In the mining sector where bulk cargo is moved in large quantities, warehouse management systems that improve efficiency and manage cost are critical.
As an asset-intensive industry that carries high-risk track-keeping of cargo at all times is also crucial.
The cargo can be a pile of minerals on a floor stack emptied from a container, with many of these piles in the warehouse or yard still needing to be tracked separately, either by receipt date for first-in-first-out (FIFO) or using batch numbers from mines. A warehouse or yard mapped with bays allows for this, and will ensure correct loading for dispatch. Whilst the dispatch processes lead a person to the correct bay, ensure minerals are loaded into dispatch vessels, and weigh-bridges give accurate dispatch weights; warehouse management systems must still cater for tare weights and random weight with rules that allow for full dispatch, based on a percentage difference, to allow clean stock balances and movements.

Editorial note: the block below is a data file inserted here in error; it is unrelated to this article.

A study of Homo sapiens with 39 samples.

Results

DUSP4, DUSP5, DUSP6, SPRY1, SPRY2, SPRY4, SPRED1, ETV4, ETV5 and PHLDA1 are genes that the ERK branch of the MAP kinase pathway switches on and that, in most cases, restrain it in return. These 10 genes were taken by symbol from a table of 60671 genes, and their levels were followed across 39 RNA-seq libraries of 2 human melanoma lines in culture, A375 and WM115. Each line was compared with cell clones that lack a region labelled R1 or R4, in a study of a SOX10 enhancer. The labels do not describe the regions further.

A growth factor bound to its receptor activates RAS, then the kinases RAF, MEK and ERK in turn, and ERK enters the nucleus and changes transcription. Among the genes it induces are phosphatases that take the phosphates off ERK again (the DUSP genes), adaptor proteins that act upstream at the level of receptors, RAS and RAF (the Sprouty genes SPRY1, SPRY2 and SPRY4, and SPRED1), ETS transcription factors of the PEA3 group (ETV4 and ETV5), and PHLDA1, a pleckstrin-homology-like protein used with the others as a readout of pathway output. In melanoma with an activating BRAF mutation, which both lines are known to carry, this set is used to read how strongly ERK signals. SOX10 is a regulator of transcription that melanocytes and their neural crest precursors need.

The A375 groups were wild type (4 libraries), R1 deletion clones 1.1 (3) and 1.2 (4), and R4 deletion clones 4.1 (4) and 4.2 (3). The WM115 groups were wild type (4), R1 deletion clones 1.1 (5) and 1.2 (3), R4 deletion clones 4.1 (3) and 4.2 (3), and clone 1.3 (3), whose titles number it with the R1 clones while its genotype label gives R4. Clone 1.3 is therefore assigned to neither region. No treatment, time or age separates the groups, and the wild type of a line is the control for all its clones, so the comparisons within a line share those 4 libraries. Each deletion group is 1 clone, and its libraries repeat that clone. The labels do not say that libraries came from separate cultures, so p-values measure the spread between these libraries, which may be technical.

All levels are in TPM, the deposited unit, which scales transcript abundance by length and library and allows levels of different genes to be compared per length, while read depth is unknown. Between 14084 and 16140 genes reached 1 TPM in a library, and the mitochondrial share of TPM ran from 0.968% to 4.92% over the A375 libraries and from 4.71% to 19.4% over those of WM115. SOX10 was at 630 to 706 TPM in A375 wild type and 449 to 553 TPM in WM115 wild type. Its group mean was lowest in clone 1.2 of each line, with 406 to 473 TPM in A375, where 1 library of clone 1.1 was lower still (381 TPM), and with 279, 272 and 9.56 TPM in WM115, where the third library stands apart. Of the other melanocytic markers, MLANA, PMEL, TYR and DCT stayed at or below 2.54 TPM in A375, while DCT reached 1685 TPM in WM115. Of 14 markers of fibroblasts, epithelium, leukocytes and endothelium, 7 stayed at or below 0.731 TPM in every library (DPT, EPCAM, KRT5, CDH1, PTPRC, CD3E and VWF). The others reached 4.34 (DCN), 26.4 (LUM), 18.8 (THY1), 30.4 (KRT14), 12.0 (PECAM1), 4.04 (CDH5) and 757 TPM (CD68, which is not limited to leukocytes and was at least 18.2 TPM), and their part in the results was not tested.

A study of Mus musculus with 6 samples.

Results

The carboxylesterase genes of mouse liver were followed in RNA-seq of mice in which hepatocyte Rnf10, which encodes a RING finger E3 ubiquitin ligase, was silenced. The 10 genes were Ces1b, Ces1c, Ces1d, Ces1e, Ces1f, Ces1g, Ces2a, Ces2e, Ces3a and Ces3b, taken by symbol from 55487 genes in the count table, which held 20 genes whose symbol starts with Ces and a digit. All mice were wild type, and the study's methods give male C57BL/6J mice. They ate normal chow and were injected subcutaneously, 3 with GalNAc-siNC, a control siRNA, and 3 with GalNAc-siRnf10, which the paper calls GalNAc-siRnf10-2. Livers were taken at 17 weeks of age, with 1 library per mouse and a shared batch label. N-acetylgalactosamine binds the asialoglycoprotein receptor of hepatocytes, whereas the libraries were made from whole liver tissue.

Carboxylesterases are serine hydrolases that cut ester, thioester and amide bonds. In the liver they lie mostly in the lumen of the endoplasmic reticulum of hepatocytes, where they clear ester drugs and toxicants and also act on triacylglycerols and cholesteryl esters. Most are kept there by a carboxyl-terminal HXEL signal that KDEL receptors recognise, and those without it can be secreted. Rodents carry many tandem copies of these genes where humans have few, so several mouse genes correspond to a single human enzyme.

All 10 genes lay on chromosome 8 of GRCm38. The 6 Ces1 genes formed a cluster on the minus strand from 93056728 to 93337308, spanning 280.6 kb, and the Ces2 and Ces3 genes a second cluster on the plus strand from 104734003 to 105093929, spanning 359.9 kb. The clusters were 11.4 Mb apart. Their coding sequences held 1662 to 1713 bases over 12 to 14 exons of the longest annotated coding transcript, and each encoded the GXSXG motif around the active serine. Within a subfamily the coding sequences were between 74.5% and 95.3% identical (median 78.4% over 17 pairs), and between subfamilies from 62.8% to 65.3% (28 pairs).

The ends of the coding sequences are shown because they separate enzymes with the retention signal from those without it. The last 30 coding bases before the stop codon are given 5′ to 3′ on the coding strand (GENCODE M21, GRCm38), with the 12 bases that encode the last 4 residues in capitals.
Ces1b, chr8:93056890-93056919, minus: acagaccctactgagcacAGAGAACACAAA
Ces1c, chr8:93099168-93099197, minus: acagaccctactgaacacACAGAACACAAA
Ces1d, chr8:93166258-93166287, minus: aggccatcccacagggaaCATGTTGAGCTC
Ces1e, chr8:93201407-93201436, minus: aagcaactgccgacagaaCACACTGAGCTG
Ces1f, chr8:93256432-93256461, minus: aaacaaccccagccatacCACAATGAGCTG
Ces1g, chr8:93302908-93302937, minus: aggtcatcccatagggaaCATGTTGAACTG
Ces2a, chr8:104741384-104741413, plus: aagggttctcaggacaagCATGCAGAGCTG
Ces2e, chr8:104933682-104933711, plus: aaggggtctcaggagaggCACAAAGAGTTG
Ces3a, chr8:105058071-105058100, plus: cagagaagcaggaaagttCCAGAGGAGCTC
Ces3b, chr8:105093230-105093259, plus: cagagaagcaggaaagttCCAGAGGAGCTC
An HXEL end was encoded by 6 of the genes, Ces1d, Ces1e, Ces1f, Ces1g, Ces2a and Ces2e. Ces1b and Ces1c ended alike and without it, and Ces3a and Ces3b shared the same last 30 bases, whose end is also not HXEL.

These rules would apply to any random weight stock. Also liquid bulk has to be stored and tracked in a unit of measurement that relates to the liquid and would usually be displayed in liters. This could be from silos of a large quantity that need to be tapped off into smaller transportable amounts.
The technology to measure accurate dispatch quantities is there, but your warehouse management system must have the capability of tracking a bulk product from receipt through to issuing in smaller amounts until complete, with tracking and tracking back to the original receipt batch.
Fixed weight liquid units like a 200 litre drum do make stock control easier, especially in a non-racked storage facility. The challenge arises when you have to mix this with other products in a racked, palletised environment, and the usual four drums per pallet do not fit into the racking. The warehouse management system therefore must have the capability of tracking each drum serial or batch number while rebuilding pallets throughout the warehouse.